From St. Martin to Cancún: Tourism poetry of Lasana Sekou under critical microscope in Mexico

Writings on tourism by St. Martin poet Lasana Sekou (photo) reviewed by literary critic David Anuar in Mexican art and literature magazine Tropo.


GREAT BAY, St. Martin —Literary critic David Anuar has placed Lasana Sekou’s poetry about tourism under a microscope in the new edition of the Mexican cultural journal, Tropo a la uña, a said Jacqueline Sample of House of Nehesi Publishers (HNP).

“Lasana Sekou: turismo e inautenticidad del ser,” roughly translated as “Lasana Sekou: tourism and inauthenticity of being,” is the title of Anuar’s five-page scholarly treatment of Sekou’s poems about tourism in St. Martin from his books published by HNP, Born Here (1986) and The Salt Reaper (2004, 2005)

“Of particular interest to me, as a poet, writer and literary critic born in Cancún, a city valued for its tourism, has been reading the poems in which Sekou addresses the neocolonial dependence generated by the economic dynamism of tourism,” wrote Anuar.

Anuar’s critical review is in Spanish. The poems he wrote about are also collected in Pelican Heart (2010), the bilingual anthology of Sekou’s work edited by the erudite Cuban literary historian Emilio Jorge Rodriguez, said Sample.

“These poems present a lyrical voice that testifies to the other side of the tourism coin, that is, they do not give a subaltern look, because they do not place us in the tourist’s vision, but rather they position themselves in the place of the locals, and like these they react in their daily life to tourism as a social phenomenon that reproduces neocolonial relations of dominance,” wrote Anuar.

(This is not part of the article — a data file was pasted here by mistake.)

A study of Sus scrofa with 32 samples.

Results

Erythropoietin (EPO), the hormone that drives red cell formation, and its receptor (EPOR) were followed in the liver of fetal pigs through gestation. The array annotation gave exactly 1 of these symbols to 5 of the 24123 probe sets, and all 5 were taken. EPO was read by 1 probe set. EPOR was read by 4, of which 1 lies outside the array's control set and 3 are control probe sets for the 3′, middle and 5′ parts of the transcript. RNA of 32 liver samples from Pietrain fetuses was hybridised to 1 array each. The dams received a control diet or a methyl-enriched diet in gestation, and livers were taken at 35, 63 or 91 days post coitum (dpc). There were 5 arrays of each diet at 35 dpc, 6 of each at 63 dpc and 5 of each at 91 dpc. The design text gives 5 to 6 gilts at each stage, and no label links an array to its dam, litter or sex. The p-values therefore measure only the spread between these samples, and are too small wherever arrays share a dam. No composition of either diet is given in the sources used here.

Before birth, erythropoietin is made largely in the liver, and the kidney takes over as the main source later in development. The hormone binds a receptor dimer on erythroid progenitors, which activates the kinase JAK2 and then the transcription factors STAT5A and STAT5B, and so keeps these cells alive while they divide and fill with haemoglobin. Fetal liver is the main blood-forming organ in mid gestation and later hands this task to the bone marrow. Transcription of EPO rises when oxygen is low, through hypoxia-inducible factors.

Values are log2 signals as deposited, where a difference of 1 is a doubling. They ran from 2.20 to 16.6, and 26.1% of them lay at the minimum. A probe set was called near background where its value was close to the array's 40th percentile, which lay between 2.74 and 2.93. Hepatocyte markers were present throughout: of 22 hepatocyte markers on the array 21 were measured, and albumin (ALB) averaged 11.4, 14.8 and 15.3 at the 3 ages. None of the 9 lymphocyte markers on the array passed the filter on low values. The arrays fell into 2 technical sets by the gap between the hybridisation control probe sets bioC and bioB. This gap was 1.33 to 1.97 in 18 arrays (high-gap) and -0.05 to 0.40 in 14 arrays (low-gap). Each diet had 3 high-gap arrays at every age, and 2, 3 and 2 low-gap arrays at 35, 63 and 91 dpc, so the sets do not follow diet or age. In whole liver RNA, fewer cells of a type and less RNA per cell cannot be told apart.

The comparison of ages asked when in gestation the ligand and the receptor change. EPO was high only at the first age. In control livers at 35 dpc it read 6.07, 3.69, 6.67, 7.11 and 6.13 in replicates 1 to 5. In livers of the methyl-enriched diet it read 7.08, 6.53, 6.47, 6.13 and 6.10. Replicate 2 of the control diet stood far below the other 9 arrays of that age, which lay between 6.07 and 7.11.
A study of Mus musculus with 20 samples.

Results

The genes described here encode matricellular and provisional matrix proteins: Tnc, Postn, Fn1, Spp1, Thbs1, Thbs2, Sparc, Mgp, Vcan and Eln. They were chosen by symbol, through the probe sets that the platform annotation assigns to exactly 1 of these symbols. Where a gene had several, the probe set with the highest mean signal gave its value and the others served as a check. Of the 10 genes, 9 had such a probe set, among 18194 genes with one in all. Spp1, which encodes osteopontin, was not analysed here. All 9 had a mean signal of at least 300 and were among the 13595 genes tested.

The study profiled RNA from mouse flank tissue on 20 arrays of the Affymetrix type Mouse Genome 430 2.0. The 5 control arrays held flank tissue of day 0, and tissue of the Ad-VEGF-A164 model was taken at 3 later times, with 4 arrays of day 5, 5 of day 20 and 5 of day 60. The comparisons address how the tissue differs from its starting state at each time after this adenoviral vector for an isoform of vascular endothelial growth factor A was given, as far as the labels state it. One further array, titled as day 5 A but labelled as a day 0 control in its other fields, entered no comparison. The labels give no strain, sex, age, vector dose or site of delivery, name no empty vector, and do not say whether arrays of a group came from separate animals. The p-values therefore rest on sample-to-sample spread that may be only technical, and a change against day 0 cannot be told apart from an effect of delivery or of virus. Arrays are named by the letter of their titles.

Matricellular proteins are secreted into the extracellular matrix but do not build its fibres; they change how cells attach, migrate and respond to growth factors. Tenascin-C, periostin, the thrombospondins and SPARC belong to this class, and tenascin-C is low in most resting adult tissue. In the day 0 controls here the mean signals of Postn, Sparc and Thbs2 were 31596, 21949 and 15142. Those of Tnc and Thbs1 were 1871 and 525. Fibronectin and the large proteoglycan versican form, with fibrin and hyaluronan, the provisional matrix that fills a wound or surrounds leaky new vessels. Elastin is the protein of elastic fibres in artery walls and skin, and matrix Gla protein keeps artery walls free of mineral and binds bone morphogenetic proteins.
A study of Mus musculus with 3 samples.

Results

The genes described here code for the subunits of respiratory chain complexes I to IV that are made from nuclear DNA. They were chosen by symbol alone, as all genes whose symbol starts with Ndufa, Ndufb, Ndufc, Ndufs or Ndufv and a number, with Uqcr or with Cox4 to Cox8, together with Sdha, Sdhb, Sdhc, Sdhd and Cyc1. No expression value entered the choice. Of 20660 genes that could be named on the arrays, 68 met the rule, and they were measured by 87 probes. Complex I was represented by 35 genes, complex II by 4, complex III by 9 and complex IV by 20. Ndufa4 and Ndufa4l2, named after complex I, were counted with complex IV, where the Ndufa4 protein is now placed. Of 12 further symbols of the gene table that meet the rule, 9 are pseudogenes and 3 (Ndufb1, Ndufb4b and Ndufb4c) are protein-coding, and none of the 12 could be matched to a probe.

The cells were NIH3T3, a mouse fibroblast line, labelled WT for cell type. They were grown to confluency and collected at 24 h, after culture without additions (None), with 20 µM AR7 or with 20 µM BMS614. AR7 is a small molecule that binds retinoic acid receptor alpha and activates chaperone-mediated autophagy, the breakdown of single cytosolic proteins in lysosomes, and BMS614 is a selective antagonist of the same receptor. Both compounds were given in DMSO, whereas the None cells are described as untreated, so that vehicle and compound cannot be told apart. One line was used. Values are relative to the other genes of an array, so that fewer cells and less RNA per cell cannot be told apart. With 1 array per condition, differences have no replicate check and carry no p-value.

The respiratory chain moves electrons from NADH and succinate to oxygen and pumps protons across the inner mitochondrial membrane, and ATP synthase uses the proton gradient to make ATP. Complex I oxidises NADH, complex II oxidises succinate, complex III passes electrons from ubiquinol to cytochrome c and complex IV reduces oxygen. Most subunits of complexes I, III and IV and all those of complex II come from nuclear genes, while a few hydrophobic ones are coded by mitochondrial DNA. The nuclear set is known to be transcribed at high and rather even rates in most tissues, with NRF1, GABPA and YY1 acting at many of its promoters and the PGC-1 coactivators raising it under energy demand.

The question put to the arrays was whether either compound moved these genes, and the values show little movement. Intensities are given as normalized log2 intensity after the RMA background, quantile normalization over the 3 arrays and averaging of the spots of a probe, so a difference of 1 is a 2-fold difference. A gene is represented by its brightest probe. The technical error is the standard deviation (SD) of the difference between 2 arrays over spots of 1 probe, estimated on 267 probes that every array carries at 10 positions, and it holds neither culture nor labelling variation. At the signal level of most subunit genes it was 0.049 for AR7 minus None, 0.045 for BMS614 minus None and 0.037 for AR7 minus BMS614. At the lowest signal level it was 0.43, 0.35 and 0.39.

Anuar cites other Caribbean and Latin American authors in his discussion as well. He argues that Sekou is positing that the Caribbean people have the possibility to look for (to realize) their authentic existence rather than a mimic one or one of any imperialistic configuration (, p. 36).

Anuar’s take on Sekou’s poetry makes St. Martin known at different levels in different worlds. It allows more people to also see that tourism, literary authenticity, and the fight for cultural originality or identity in St. Martin and in a major world tourism center like Cancún, Mexico, can be evaluated, even compared critically in socio-economic ways, said Sample.

In fact, Anuar concludes his paper with what is arguably a startling comparison between the Caribbean island and his Mexican city: “And this is the great paradox that, a (like) society that lives on tourism, also beats in our blood: what feeds me, denies me.”